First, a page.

1956 Continental ( Lincoln ) Mark II

Price: - Item location: Hershey, Pennsylvania, United States
  • Condition: Used
  • Make: Lincoln
  • Model: Continental
  • Type: Coupe
  • Trim: Mark II
  • Year: 1956
  • Mileage: 60,846
  • VIN: C5601465
  • Color: Summit Green
  • Engine size: 368 Cubic Inch
  • Number of cylinders: 8
  • Fuel: Gasoline
  • Transmission: Automatic
  • Drive type: RWD
  • Interior color: Green & White
  • Vehicle Title: Clear
  • Want to buy? Contact seller!

1956 Lincoln Continental Mark II

285hp, 368cid overhead-valve V-8 engine, Turbo-Drive 3-speed automatic transmission, power-assist four wheel drum brakes. Wheelbase: 126”.

  • One of just 2,550 produced for 1956.
  • In the current collection since 2008.
  • Iconic 1950's automobile design styled by John Reinhart, William Clay Ford, and Gordon Buehrig.

The 1956-57 Continental was styled by a team which included John Reinhart, William Clay Ford and Gordon Buehrig. The car would be given a classic long hood/short deck profile along with a simulated spare tire buldge on the rear deck lid - a subtle reminder of its predecessor, the luxurious Continental of 1940-48. Much like the original, this was a semi-custom car with a price tag to match. To further differentiate the model, it was not a Lincoln, rather a Continental, as Ford established a separate division to add exclusivity to the luxury marque.

Ford's goal was to create the most luxurious, carefully crafted production car. In that - they succeeded. Despite sharing mechanical components with "lesser" Lincolns, drivetrain items were machined to high tolerances and heavily tested. Each chassis was tuned and tested before mounting the body. The bodies demanded 60 hours of metal finishing - five times that of the typical car. The car used a somewhat unusual "cowbelly" frame designed by engineer Harley Copp, giving it a recessed floor much like earlier "step-down" Hudsons. This permitted upright seating without a tall body just 56 inches high. Once all the testing and inspections were completed, the cars where shipped in a fleece-lined cover and wrapped in a plastic bag. The resultant car was nothing short of understated elegance.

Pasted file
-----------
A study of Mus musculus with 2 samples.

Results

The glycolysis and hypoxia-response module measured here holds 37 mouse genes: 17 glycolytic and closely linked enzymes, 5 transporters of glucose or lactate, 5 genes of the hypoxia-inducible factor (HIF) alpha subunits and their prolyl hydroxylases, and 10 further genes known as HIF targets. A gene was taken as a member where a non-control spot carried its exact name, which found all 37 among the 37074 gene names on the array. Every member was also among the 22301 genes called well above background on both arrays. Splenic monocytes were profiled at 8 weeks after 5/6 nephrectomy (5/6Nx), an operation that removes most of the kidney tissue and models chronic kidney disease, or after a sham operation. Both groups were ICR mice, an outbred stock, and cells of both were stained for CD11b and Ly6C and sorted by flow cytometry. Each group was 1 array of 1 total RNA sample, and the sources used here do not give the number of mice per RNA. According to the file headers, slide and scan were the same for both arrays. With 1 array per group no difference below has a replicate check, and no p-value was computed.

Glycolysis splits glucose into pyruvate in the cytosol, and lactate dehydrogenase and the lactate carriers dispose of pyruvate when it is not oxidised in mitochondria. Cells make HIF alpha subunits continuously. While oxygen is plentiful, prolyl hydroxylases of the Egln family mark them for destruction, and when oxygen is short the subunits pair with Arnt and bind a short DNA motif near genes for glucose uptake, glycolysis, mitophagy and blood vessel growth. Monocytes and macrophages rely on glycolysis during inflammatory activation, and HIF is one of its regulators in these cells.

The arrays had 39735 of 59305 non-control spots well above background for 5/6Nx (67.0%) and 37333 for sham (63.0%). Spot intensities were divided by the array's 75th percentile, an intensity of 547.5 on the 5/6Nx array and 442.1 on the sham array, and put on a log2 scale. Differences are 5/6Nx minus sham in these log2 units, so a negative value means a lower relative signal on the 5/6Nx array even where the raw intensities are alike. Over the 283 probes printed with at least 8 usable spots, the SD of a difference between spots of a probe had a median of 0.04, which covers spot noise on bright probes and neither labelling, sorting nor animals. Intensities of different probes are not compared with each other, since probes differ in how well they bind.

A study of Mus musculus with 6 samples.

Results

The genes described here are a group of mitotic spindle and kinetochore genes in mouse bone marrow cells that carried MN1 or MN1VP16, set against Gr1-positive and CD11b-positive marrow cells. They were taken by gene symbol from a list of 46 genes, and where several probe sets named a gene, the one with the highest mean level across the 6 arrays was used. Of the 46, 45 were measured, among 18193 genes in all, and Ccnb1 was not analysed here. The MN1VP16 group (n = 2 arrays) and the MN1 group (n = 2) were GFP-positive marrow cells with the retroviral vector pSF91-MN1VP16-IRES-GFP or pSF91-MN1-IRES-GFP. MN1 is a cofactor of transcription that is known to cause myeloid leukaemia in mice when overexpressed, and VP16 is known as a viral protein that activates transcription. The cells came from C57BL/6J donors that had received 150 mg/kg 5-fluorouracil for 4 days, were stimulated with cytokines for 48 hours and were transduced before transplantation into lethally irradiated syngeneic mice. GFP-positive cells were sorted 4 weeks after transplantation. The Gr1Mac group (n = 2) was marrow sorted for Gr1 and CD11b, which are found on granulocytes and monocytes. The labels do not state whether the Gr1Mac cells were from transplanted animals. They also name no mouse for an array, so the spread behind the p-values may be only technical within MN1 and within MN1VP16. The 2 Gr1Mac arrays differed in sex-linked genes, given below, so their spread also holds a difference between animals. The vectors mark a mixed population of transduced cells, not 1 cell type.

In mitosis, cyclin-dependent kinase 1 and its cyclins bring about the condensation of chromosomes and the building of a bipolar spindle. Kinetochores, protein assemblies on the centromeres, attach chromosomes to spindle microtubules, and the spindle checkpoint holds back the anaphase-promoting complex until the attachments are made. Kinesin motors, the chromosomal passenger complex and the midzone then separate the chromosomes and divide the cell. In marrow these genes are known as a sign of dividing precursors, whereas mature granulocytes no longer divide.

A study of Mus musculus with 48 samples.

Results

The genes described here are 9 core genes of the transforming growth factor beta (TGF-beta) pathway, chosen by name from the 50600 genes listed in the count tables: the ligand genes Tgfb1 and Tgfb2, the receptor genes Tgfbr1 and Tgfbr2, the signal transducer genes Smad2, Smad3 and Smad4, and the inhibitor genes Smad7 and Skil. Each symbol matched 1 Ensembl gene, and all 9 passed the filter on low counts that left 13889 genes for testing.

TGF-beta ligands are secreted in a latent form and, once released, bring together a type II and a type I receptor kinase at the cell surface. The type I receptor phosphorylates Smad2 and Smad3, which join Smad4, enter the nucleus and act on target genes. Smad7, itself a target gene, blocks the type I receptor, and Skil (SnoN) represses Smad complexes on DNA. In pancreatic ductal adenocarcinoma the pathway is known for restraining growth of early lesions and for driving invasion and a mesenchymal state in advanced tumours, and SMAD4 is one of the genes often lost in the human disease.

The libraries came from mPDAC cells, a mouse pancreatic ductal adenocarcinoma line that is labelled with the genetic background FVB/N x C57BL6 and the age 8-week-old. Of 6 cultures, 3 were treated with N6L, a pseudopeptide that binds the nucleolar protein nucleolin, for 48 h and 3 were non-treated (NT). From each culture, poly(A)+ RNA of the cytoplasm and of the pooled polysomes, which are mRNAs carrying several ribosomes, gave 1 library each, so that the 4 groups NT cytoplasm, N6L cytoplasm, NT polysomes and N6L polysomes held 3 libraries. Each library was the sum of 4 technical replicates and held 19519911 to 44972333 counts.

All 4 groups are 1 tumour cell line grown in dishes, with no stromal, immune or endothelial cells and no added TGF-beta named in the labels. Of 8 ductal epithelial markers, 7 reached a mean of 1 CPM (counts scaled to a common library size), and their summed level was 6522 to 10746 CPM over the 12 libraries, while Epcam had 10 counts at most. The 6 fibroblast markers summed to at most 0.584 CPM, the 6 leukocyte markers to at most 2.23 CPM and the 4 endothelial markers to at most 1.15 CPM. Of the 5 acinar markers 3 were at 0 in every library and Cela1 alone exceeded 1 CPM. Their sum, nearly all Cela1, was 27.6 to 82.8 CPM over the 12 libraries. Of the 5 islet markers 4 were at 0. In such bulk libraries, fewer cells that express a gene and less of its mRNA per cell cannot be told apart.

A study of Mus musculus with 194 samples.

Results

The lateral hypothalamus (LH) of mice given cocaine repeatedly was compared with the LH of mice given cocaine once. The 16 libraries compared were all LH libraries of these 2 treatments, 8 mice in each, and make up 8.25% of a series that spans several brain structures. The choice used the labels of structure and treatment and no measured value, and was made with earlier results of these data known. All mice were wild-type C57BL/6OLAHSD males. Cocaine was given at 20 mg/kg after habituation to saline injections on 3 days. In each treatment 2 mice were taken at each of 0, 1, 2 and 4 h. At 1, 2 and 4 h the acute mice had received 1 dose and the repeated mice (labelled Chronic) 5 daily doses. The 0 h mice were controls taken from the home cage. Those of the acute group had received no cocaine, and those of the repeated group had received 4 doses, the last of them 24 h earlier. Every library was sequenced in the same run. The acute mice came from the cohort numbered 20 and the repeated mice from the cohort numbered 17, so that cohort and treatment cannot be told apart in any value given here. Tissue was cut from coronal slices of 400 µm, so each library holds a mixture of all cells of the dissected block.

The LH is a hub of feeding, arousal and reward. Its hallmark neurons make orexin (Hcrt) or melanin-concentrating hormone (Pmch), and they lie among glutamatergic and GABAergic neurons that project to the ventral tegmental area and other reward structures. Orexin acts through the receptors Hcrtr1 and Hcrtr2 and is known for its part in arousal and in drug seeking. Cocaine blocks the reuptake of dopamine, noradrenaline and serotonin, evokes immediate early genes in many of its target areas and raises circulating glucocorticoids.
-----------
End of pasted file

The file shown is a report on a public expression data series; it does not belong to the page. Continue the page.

Despite the beautiful styling, the car was priced near the precarious$10,000 per copy, with Ford reportedly losing $1,000's on each one sold. Just 2,550 of the Mark II's were sold in 1956. Another 444 would be produced for the 1957 model year when production was halted in May and the model discontinued.

This Mark II has been part of the Museum's collection for 9 years, and has been displayed in our main gallery and played a part in a variety of exhibits over the years. It is finished in its rare and proper "Summit Green"with a matching leather green and white interior. The odometer shows 60,846 miles and has been in static garaged museum storage for more than a decade. It wears what appears to be an older re spray and original diecast and stainless trim. The car is very solid but is going to need some TLC after sitting in storage. Recently the brake booster was rebuilt by White Post Restorations to cure a common issue with these vehicles. The car runs and drivesbut was only driven on museum property and should be checked prior to being put into service. The car does have some issues like a mark in the passengers side of the dash board and some rust issues on the exhaust. We also noticed what appears to be antifreeze on the passengers side front floor that could mean the heater core leaked at one time. The leather interior is in nice shape and is white trimmed in green piping. The interior trim is in nice shape also with some minor imperfections from use. The exterior trim is in good shape and the chrome is good. The paint is driver quality and was done years before it came to the museum. It does shine but has some chips from being driven after it was restored. This is a low production vehicle and deserves to be brought back to its former glory.

We encourage bidders to come see the vehicle at 161 Museum Drive, Hershey, Pa. 17033 by appointment only. We are open seven days a week from 9am - 5 pm.